We are very familiar with Email spamming. If you are unaware about email spamming check out my previous article to get a detailed idea of how and why it is done. Email is a very useful medium for any business to reach directly to customers. This usefulness became constant trouble for an email user because of the plenty of spam messages that kept flooding the Inbox. Hence, the CAN-SPAM Act of 2003 was signed into law on December 16, 2003, as a standard for the sending of commercial e-mail.

What is the CAN-SPAM Act?

CAN-SPAM Act is short for Controlling the Assault of Non-Solicited Pornography and Marketing Act which was implemented to set standards for commercial emailing, often called “spam.”  Despite its name, the CAN-SPAM Act doesn’t apply just to bulk email. It covers all commercial messages, which the law defines as “any electronic mail message the primary purpose of which is the commercial advertisement or promotion of a commercial product or service,” including email that promotes content on commercial websites. The law makes no exception for business-to-business email. That means all email–for example, a message to former customers announcing a new product line–must comply with the law.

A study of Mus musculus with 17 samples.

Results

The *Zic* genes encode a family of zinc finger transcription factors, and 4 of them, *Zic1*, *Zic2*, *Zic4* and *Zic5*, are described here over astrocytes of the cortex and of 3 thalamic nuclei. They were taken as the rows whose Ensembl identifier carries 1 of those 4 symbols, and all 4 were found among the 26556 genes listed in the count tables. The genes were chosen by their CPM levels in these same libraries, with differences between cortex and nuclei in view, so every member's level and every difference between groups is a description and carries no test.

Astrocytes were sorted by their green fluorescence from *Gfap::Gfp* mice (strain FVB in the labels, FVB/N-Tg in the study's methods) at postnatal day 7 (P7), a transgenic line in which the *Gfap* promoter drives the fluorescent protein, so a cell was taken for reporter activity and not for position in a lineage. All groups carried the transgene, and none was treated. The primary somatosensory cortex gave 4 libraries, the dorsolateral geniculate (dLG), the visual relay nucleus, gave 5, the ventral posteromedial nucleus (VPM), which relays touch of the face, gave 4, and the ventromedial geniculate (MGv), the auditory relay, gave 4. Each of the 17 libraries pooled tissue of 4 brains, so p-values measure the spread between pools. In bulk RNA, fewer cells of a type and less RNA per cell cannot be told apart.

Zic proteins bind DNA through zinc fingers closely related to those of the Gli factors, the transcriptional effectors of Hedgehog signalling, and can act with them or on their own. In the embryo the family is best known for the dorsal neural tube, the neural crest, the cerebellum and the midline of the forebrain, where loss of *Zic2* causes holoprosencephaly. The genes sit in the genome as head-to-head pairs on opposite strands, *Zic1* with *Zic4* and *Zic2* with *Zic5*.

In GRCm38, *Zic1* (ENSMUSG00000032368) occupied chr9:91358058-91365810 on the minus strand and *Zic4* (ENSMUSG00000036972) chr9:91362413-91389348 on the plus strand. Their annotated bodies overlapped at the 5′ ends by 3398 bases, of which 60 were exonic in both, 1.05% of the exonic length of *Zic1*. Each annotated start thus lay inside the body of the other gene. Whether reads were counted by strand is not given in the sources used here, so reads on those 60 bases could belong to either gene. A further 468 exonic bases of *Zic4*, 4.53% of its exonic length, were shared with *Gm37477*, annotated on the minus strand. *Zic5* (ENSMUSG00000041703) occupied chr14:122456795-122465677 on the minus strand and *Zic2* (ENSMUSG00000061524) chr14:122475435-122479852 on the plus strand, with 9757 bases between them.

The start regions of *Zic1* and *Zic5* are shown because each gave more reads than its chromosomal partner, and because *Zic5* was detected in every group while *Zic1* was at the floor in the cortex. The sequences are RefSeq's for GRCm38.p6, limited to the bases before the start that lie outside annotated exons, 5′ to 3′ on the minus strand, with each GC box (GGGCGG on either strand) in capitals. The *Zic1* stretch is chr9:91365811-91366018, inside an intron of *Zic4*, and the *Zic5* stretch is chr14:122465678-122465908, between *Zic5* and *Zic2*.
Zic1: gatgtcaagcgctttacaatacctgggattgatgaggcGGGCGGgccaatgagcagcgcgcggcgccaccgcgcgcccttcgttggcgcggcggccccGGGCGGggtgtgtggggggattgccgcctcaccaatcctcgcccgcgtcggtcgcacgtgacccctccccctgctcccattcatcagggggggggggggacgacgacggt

The Requirements of CAN-SPAM

  • Don’t use false or misleading header information – From, To, Reply-To, and routing information–including the originating domain name and email address must be accurate and identify the person or business who initiated the message.
  • Don’t use deceptive subject lines – The subject line must accurately reflect the content of the message.
  • Identify the message as an ad – You must disclose clearly and conspicuously that your message is an advertisement.
  • Tell recipients where you’re located – Your message must include your valid physical postal address. 
  • Tell recipients how to opt-out of receiving future email from you – Your message must include a clear explanation of how the recipient can opt-out of getting emails from you in the future.
  • Honour opt-out requests promptly – You must honour a recipient’s opt-out request within 10 business days. You can’t charge a fee, require the recipient to give you any personally identifying information beyond an email address or transfer their email addresses, even in the form of a mailing list.
  • Monitor what others are doing on your behalf. The law clarifies that even if you hire another company to handle your email marketing, you can’t contract away your legal responsibility to comply with the law. Both the company whose product is promoted in the message and the company that actually sends the message may be held legally responsible.

Each separate email in violation of the CAN-SPAM Act is subjected to penalties, so non-compliance can be costly. Hence marketers, beware before you spam.